WHEN DRAWING DOWN a portfolio in retirement, the standard advice is to start with your taxable account, next turn to traditional retirement accounts and, finally, tap any Roth accounts. That way, you let traditional retirement accounts grow tax-deferred for longer and allow your Roth accounts to grow tax-free for longer still.

While that’s generally good advice, you may want to tweak it. Retirement can prove surprisingly taxing, especially once you turn age 72 and start taking required minimum distributions from your retirement accounts. All withdrawals from 401(k) plans, IRAs and their ilk are typically taxed as ordinary income. Moreover, those withdrawals could, in turn, drive up your taxable income so that not only do you have to pay higher premiums for Medicare, but also up to 85% of your Social Security benefit is subject to taxes. The latter is sometimes referred to as the “tax torpedo.”

How can you avoid the torpedo? Two strategies may help. First, endeavor to pay off your mortgage by retirement. That way, you’ll avoid the need to draw down your retirement accounts to make mortgage payments. Those retirement account withdrawals could generate enough taxable income to trigger taxes on your Social Security benefit.

Second, you might use your early retirement years to trim the size of your retirement accounts by either drawing down those accounts or converting a portion to a Roth IRA. For instance, if you expect to be in the 22% federal tax bracket once you start required minimum distributions in your 70s, you might aim to generate enough income in your 60s to get to the top of the 12% bracket. To give yourself more room for maneuver, you could delay claiming Social Security until later in retirement—which, in any case, can be a smart thing to do. Strategies for claiming Social Security are discussed elsewhere.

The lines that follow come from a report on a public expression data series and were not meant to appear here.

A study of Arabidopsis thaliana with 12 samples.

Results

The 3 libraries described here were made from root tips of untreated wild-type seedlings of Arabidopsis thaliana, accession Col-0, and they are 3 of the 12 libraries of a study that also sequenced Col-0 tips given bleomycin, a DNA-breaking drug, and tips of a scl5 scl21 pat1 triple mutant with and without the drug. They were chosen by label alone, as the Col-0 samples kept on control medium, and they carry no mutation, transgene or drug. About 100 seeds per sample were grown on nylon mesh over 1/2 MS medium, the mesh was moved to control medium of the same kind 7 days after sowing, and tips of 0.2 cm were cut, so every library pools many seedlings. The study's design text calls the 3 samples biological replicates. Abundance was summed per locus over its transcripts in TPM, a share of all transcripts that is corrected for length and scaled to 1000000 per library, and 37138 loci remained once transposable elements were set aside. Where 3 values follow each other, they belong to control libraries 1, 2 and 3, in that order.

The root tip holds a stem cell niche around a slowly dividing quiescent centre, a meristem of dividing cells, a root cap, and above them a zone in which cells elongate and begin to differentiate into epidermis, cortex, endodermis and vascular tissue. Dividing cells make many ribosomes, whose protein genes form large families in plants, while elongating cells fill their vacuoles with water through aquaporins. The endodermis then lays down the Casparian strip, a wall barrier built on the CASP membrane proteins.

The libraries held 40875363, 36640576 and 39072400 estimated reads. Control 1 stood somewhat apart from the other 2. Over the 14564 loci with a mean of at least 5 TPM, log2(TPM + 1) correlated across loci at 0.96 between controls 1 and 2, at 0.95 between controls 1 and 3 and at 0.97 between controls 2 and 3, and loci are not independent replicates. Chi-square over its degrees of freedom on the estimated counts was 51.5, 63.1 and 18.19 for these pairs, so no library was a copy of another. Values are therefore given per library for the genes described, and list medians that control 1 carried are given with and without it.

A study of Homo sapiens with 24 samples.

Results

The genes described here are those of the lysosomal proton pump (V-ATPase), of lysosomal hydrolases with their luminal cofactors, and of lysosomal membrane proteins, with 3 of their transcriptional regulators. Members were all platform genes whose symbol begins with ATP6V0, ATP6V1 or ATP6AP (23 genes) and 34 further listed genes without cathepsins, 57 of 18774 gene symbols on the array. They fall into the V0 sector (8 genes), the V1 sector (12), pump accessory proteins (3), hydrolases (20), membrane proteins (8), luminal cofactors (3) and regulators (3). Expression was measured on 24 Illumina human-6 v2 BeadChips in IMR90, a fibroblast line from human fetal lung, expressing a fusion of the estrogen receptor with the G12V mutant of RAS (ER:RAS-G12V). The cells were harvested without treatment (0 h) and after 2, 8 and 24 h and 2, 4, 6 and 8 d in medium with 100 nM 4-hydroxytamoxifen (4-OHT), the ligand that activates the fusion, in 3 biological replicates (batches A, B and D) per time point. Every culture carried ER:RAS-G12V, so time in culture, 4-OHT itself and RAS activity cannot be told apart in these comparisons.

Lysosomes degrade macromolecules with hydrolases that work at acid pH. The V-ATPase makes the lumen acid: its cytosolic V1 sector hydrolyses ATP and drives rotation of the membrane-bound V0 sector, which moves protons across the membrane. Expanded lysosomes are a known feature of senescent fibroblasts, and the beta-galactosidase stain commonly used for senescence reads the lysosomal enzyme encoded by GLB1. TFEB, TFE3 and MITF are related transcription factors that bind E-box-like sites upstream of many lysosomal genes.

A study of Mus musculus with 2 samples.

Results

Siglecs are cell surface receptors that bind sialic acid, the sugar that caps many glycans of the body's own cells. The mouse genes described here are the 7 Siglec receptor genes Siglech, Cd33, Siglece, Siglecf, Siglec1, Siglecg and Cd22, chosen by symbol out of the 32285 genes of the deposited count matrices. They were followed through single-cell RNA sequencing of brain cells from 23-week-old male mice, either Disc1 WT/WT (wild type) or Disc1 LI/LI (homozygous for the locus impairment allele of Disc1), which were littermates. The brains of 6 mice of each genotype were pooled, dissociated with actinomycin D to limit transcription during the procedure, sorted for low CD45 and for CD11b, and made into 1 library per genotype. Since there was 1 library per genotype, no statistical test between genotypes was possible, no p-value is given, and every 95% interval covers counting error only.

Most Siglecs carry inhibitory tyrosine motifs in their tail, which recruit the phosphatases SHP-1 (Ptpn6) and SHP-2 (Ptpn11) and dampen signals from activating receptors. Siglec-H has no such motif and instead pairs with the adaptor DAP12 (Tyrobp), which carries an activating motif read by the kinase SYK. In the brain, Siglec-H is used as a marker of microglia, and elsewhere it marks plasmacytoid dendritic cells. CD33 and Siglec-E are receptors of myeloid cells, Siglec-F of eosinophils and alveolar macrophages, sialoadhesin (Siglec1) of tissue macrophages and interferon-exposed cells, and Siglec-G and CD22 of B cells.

You might also look to take extra-large retirement account withdrawals if you have a year with sizable itemized deductions, perhaps because of medical expenses. These itemized deductions could be offset against your taxable income, perhaps allowing you to tap your IRA at a relatively low tax cost. All this highlights a big advantage enjoyed by retirees: Unlike those in the workforce, you have a fair amount of control over your annual tax bill—and you can use that control to make your retirement more financially comfortable.

Next: Social Security Tax

Previous: Step 3: Low-Tax Years

Articles: Timing Those Taxes and Six Figures, Tiny Taxes

Steve Brown
2 months ago

Thank you for this discussion on taxes. It’s not about minimizing taxes in any given year. It’s about paying the lowest taxes over the long haul. In my situation, a Roth was not always available to me, especially in my 401k. After my divorce, I needed to minimize all of my expenses, including taxes. Now, the situation has changed. Tax rates have gone down, and I’m converting as much to Roth as possible, while also drawing on traditional assets. Then, when all of my income streams have started and it is time to draw RMDs, I hope not to be taxed out the whazoo just because my income is far more than I need. Makes me wish I’d heard this advice earlier. The lesson: diversify not only your investments, but also your taxability.